The average American consumes 3,400 milligrams (mg) of sodium every single day. These levels are nearly 50% higher than the 2,300 mg limit set by the U.S. Food and Drug Administration (FDA). Both children and adults mainly follow a similar trend because the majority of sodium consumed comes from prepared and processed foods rather than a dash of kosher salt to make your homemade meals pop! Excessive amounts of sodium can increase blood pressure, which is a primary risk factor for heart disease. Reducing sodium intake is seen as a straightforward way to prevent tens of thousands of premature deaths every year.
Unfortunately, "simple" doesn't always mean "easy." To prevent cardiovascular disease, the World Health Organization (WHO) has recommended two-year and ten-year voluntary targets to reduce sodium levels in the processed foods we consume. Despite this recommendation, Congress responded by temporarily blocking the (FDA) from implementing the plan - citing the exponentially high cost of conversion over ten years.
We don't know when Congress will change their mind, so in the interim, let's understand how companies can approach the development of a sodium reduction program in six simple steps:
STEP 1 - Review Consumer Insights and Feedback for Product Categories
First, take a look at consumer insights and feedback to understand what people like about a particular flavor profile within a specific product line. Flavor can account for the primary source of hesitation when it comes to reducing sodium in products. Altering a product's taste too much can negatively impact the bottom line.
Additionally, consider the sales data for products and understand that changes to a higher volume product come with higher risks if formulations bring too much change.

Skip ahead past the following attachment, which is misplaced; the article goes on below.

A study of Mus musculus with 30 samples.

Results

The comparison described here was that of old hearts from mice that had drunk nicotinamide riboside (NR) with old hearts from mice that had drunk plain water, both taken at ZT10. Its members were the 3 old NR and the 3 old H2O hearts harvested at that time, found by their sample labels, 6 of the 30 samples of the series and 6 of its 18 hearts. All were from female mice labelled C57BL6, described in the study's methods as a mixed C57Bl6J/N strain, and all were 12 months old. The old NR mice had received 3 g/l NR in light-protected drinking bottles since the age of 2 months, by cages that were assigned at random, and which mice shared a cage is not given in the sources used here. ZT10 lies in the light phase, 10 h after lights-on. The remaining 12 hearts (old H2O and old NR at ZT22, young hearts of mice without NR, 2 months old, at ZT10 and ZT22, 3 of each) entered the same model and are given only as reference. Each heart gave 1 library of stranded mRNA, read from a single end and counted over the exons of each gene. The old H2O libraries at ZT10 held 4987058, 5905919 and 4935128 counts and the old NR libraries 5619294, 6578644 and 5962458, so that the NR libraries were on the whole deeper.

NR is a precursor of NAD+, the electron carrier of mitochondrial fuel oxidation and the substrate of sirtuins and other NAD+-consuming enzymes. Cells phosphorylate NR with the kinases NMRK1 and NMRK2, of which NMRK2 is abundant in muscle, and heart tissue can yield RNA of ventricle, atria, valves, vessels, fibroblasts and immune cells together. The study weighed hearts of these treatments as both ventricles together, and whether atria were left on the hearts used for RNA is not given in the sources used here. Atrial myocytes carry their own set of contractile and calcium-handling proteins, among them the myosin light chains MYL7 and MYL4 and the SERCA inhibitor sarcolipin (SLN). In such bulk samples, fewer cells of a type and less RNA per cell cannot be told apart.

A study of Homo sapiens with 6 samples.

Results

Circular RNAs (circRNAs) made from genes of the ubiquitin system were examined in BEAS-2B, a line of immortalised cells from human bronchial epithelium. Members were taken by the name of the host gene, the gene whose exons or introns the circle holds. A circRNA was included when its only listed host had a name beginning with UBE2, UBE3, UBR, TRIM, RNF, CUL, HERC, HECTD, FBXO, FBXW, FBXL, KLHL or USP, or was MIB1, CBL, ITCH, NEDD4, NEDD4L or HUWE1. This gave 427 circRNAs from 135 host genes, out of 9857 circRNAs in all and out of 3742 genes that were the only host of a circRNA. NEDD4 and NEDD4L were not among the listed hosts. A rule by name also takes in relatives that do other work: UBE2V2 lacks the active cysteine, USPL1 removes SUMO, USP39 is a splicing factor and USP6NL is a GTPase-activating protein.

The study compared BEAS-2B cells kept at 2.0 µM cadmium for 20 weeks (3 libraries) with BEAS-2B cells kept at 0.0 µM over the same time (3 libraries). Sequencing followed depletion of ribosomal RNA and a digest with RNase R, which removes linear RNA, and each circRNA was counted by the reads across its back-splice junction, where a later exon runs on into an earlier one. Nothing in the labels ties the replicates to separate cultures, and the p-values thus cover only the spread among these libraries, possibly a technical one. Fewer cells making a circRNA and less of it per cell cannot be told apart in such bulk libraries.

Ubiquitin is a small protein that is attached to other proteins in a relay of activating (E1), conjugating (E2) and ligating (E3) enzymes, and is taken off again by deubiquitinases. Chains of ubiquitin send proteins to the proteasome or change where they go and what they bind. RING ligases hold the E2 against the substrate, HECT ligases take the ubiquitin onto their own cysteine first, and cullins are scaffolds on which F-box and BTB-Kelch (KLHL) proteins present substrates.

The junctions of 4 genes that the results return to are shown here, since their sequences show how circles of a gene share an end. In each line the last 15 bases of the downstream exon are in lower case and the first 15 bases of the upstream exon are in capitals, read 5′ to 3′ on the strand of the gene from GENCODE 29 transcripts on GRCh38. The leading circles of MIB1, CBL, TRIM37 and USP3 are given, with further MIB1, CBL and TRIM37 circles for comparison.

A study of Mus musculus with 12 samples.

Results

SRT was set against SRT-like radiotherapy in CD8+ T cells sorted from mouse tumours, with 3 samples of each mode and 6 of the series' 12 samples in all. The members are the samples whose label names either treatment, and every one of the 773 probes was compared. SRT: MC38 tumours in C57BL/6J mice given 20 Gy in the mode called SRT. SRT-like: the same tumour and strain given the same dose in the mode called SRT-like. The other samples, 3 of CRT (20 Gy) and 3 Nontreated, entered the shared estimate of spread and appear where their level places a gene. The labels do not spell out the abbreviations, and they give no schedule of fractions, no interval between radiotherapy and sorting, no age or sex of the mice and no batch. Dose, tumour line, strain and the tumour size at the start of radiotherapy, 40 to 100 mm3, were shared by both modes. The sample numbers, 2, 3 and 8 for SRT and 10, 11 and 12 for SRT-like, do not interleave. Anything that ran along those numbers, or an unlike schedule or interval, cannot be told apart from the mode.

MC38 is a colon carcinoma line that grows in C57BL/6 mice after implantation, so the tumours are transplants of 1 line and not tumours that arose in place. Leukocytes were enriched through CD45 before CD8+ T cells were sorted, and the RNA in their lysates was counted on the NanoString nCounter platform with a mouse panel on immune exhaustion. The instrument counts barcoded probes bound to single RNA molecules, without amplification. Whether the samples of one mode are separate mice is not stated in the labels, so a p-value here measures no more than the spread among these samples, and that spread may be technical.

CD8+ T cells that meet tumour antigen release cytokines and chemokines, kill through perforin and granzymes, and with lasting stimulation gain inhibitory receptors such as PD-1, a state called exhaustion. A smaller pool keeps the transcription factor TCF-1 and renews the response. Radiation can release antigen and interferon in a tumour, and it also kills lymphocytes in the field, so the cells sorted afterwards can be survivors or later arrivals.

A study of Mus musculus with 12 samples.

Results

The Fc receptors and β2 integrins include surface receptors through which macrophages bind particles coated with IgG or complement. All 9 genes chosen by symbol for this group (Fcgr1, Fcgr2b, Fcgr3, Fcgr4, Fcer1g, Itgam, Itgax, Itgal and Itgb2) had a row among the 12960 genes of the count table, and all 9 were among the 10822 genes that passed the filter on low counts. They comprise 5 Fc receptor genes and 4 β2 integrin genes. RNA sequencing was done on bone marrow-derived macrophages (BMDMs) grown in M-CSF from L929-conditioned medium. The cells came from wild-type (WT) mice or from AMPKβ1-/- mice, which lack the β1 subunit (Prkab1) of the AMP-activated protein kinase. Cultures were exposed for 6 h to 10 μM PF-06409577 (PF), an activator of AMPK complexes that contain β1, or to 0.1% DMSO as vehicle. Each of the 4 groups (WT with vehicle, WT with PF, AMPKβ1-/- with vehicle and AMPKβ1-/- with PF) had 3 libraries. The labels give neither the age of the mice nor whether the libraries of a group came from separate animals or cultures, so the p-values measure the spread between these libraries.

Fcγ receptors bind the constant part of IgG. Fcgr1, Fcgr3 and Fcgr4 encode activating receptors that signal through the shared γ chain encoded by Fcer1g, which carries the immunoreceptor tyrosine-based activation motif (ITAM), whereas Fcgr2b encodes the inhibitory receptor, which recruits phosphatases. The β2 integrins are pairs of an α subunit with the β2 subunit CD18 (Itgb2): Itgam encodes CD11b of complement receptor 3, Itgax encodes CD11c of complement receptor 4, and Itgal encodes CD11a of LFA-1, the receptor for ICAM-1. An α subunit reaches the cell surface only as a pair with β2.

STEP 2: Identify Formulas with the Highest Usage and Percentage of Salt/Sodium
Second, understand what formulas have the highest usage and percentage of sodium. It is essential to factor in not all sodium is created equally, and not all sodium comes from salt itself. It can come from other chemicals like potassium, sorbates, etc.
STEP 3: Identify Ingredients that Contribute to High Sodium Content (Differentiating Between Natural vs. Added)
Third, identify ingredients that contribute to the highest amount of sodium. To do this, you'll need to understand the difference between natural versus artificial flavors in the formulations. These can often mimic the taste of salt or contribute to more flavor characteristics.
STEP 4: Evaluate Chemical, Physical, and Sensorial Attributes
Fourth, you'll want to evaluate the chemical, physical, and sensory attributes of the product to decide where and how products can create consumer risk. Profile existing formulations and determine the risk of modifying the sodium profile in specific formulas.
STEP 5: Develop a Risk-Based Development and Consumer Testing/Qualification Plan
Fifth, test to determine whether a dramatic change in the amount of sodium used in a given formulation will have noticeable impacts on customer preference. If customers notice the difference in taste, what impact will that have on the overall sale of the product? What verbal feedback do focus groups provide, and could there be social implications upon your brand related to a decrease in saltiness?
STEP 6: Create a Roadmap for Formula Transformation
In the final step, create a multi-year roadmap for formula transformations. For example, you may have a product with a formula of 1,000 mg of sodium, and over time, the roadmap will reduce that level 500 mg of sodium in three years. The roadmap will help gradually reduce sodium over a given period, and the business can respond if sales begin to drop.